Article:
Bad weather stops another Duterte attempt to go to Marawi

Dharel Placido, ABS-CBN News

Posted at Jul 07 2017 07:59 PM | Updated as of Jul 07 2017 08:45 PM

In military attire, Commander-in-Chief visits troops in Iligan City Army camp first, but had to skip Marawi.

MANILA (2nd UPDATE) - President Rodrigo Duterte on Friday made another attempt to visit conflict-stricken Marawi City but did not push through due to inclement weather. 

In battle attire, the President first paid a visit to the 2nd Mechanized Infantry Brigade of the Philippine Army in Barangay Maria Cristina, Iligan City around 4 p.m., the Presidential Communications Operations Office (PCOO) said. 

The President was supposed to go to Marawi City next, but decided not to push through because of foreboding skies, the Palace communications office said.

"We were circling many times but we could not penetrate... We waited in the camp for the skies to clear up," Duterte said in an interview aired on PCOO's Facebook page.

The President said he had wanted to visit the besieged city to show his support to troops battling extremists in what was once a bustling urban hub.

"It can't be that you'll just go there during peace time," Duterte said in a mix of English and Filipino.

"It's not that I am putting myself in jeopardy, but somehow, during the fighting, you show yourself," said the President, known for his staunch support for the uniformed services.

Photos released by Malacañang showed the President in a camouflage outfit, a firearm slung on his right shoulder. 

This is not the first time Duterte attempted to go to Marawi. Last month, the President also planned to go to the besieged city but did not push through also due to foul weather.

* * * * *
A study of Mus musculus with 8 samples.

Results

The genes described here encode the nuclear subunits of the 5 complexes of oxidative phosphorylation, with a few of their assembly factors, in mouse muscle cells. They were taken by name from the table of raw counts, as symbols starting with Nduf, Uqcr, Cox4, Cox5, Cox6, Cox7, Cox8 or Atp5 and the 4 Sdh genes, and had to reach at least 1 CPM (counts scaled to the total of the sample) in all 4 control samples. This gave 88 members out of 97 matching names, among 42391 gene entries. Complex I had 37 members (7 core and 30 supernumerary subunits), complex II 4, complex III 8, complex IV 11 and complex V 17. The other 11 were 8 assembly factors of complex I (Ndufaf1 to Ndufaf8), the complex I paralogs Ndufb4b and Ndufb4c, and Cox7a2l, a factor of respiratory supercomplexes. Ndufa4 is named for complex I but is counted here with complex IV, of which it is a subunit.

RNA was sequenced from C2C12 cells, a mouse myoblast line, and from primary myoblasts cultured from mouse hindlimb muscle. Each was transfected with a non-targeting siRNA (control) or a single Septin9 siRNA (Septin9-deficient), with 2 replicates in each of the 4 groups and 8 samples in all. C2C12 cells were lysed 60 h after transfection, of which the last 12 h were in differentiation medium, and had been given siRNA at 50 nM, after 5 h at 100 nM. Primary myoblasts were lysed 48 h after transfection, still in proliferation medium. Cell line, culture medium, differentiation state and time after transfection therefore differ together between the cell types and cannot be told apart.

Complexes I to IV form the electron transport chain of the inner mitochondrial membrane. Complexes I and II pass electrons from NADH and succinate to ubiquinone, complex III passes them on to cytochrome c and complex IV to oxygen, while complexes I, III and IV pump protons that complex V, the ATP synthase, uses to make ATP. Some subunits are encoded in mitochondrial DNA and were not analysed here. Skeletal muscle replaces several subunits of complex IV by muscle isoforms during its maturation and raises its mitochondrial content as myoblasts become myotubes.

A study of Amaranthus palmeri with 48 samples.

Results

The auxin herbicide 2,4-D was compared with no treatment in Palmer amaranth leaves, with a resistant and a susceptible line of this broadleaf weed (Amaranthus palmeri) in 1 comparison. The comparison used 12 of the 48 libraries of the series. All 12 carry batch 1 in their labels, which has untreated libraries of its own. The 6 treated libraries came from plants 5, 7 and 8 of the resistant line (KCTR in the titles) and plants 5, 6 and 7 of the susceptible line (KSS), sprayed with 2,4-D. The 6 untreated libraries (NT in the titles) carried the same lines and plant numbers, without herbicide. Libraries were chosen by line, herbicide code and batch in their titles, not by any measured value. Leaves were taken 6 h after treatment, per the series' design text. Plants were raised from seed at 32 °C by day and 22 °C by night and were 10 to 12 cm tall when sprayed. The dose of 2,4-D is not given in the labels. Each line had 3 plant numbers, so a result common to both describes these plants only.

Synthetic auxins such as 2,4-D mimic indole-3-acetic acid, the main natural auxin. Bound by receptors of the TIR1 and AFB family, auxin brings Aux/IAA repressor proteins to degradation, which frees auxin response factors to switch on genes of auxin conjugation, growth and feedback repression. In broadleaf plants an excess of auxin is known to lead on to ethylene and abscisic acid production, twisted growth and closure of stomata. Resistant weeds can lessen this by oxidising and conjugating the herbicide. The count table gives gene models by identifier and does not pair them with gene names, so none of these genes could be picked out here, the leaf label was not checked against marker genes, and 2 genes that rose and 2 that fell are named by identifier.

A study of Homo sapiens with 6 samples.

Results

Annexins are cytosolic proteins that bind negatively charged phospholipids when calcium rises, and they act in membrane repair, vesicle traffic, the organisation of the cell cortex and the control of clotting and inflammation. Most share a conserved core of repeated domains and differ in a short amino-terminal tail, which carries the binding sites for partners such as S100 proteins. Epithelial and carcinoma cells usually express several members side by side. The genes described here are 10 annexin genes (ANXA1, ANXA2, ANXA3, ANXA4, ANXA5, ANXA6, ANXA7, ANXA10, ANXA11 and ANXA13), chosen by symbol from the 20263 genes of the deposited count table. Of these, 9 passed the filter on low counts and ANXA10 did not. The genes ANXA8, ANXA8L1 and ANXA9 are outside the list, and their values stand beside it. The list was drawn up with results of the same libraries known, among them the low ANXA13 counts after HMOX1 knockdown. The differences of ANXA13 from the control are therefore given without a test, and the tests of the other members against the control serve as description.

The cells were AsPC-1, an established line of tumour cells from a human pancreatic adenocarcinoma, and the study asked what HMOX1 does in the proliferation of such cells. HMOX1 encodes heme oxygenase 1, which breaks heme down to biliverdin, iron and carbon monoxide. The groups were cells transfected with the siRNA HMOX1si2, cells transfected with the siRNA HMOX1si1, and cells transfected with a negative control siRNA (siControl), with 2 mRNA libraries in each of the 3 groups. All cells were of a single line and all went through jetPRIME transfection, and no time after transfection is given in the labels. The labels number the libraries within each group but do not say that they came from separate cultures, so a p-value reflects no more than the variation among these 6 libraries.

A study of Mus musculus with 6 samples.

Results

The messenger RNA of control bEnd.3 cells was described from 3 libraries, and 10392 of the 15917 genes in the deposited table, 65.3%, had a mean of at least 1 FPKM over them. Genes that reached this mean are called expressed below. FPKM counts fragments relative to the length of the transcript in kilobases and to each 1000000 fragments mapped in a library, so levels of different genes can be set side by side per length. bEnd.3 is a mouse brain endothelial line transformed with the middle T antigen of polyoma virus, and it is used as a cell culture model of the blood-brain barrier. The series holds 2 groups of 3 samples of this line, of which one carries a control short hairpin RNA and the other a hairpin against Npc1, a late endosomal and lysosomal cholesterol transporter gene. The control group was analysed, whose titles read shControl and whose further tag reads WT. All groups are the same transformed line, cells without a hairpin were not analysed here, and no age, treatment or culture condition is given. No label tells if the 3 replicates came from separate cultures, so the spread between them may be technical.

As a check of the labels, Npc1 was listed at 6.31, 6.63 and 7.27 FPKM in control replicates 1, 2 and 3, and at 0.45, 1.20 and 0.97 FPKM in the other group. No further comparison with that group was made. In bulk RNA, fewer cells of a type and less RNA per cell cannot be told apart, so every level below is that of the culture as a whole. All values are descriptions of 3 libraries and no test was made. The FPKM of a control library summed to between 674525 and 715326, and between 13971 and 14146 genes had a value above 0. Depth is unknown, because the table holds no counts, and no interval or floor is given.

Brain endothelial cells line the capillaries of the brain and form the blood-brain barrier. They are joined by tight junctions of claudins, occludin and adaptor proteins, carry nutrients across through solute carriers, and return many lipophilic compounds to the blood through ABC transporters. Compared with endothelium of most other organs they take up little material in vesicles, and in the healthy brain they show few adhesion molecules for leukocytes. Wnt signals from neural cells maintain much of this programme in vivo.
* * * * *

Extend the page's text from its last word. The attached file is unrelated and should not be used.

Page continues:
The President had earlier made known his desire to mark his first year in office in the besieged city.

In the interview, Duterte said he would wait for the advice of military ground commanders on whether or not he should lift martial law in Mindanao, which he declared on May 23 when violence erupted in the city.

The 60-day declaration is due to lapse on July 22, and clashes between state troops and Islamic State-linked extremists continue.

"If they say that everything is okay, then that is the time I lift martial law," he said.

Duterte would need Congressional approval to extend his declaration. 

Since the conflict began, the President has been making rounds of military camps, rallying troops amid continuing operations against the militants. 

Duterte has promised never to negotiate with terrorists, despite reported overtures for back-channel talks. 

Government offensives in Marawi City are now on the seventh week as terrorists have shown no signs of giving up despite relentless bombings and ground operations of state troops.

From the original number of forces of about 500, the military said the number of terrorists still holed up in the city is now down to about 80. These include leaders of the Maute group and Abu Sayyaf senior leader Isnilon Hapilon.

The military has been having a hard time retaking parts of Marawi still controlled by the terrorists, as snipers from the enemy side still lurk around the conflict zone. Government forces were also being careful in advancing towards enemy positions due to the presence of booby traps.

About 300 civilians, including the terrorists’ hostages, remain trapped in the battle zone, preventing state forces from going all-out against the enemies.

At least 479 people - 353 suspected terrorists, 39 civilians, and 87 government troops - have died since battles began.

While the government has put the civilian death toll at 39, the military believes this could “increase significantly” as troops have yet to reach other parts of the city where some trapped civilians were feared to have been executed.

About 400,000 civilians from Marawi and outlying areas have also been displaced as a result of the fighting.

As the government expects a prolonged battle with the terrorists, a tent city will soon be set up to accommodate the displaced residents.

The emergence of groups pledging allegiance to Islamic State has been considered the biggest security problem to face the year-old Duterte administration.

The rise of pro-ISIS groups in the country has also raised alarm in Washington and the Philippines’ neighbors in the region, which fear that the notorious terror group was seeking to establish a new front in Asia amid its successive losses in Iraq and Syria.